The United Nations High Commission on Refugees released a media statement on Thursday 13 May, voicing its concerns about the alleged treatment of Rohinhyan refugees by both the Malaysian and Indonesian governments this week.
The UNHCR said it was “extremely alarmed at reports suggesting that Indonesia and Malaysia may have pushed back boats carrying vulnerable people from Myanmar and Bangladesh.”
The UNHCR said that on “Monday the Indonesian navy stated that it had escorted a boat out to sea, although it is not clear if this represents a change in the government’s policy. Yesterday Malaysia’s Maritime Enforcement Agency announced that it would not let foreign ships dock unless they are unseaworthy and sinking.”
UNHCR said countries should focus the saving lives off people force to flee from persecution in their own countries.
“The first priority is to save lives. Instead of competing to avoid responsibility, it is key for States to share the responsibility to disembark these people immediately,” said Volker Türk, UNHCR’s Assistant High Commissioner for Protection.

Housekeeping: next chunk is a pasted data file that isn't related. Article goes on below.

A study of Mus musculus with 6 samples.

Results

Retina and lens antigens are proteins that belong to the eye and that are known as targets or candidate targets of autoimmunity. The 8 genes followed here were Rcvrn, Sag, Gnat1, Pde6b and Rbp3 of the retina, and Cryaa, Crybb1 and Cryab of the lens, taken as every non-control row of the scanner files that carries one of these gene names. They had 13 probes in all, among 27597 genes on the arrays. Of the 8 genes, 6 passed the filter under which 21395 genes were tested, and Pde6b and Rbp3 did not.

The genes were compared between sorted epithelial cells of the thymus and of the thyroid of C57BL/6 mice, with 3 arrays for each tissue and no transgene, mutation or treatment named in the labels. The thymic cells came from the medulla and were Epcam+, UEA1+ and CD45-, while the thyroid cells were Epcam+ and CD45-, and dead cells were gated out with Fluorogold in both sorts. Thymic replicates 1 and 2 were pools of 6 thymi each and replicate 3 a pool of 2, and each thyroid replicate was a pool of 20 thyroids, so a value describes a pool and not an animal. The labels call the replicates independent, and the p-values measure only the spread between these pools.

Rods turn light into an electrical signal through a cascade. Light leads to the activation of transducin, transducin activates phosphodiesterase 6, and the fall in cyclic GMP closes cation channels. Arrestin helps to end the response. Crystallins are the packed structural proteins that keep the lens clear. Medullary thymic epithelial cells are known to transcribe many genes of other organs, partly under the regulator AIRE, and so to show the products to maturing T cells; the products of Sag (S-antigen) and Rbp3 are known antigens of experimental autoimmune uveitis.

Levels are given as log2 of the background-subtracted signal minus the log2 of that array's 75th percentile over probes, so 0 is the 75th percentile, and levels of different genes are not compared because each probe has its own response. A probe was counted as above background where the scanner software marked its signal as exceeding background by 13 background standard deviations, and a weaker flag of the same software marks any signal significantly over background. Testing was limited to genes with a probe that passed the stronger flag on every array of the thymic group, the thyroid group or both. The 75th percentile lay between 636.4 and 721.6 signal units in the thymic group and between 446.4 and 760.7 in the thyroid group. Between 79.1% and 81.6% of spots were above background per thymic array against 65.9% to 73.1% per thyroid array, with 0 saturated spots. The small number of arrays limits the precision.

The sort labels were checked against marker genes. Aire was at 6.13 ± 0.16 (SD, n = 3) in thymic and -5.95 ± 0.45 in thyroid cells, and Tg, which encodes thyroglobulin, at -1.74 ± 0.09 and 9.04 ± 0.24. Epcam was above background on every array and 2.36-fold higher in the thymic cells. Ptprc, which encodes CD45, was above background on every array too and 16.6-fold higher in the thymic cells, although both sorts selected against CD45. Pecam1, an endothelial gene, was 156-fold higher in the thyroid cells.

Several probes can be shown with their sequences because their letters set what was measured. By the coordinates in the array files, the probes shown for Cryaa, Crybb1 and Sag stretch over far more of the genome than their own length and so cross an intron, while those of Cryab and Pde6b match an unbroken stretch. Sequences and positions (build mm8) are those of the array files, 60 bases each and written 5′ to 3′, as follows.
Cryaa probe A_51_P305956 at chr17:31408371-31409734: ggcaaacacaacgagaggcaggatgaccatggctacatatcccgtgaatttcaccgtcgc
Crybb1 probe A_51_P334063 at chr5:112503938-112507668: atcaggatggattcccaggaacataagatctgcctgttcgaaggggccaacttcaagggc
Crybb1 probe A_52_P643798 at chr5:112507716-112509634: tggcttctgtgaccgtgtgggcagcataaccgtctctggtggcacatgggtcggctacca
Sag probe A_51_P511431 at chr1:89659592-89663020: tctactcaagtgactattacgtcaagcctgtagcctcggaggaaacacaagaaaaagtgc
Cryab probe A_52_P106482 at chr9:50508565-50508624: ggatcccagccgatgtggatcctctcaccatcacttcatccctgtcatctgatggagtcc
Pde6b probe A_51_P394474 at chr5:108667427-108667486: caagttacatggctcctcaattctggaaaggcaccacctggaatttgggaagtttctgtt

Mr Türk, the UNHCR’s Assistant High Commissioner for Protection said in the refugee agency’s media statement that people taking to sea to escape persecution, conflict and poverty is a sign of their desperation.
“Sea crossings are a symptom of desperation as people are left with no other choice but to risk their lives.”
Mr Türk reiterated the refugee agency’s worldwide call for countries to offer refugees legal alternatives to access protection and safety… “Nobody should have to put their lives into the hands of ruthless smugglers.”
The UNHRC media statement added to statements issued by international human rights groups such as Human Rights watch and Fortify Rights calling for governments to help the thousands of people on caught on boats in the Andaman Sea and Straits of Malacca before it turns into a humanitarian tradegy.
The UNHCR urged “governments to facilitate disembarkation and keep their borders and ports open to prevent a humanitarian crisis at sea.”
The UNHCR said it was calling on “countries in South-east Asia to approach this as a regional issue with real human consequences as it has been engaging governments in the region on the growing problem of irregular maritime movements. The agency has been sharing information collected from interviews with hundreds of Rohingya who survived the journey, and offering concrete suggestions on coordinated responses.”
The United Nations High Commission on Refugees explained in its media statement that “once the humanitarian needs are met, agencies like UNHCR can support States to interview the different groups and target solutions to their specific needs, as those being rescued are likely to be a mix of refugees, economic migrants, victims of trafficking, unaccompanied and separated children among those being smuggled.”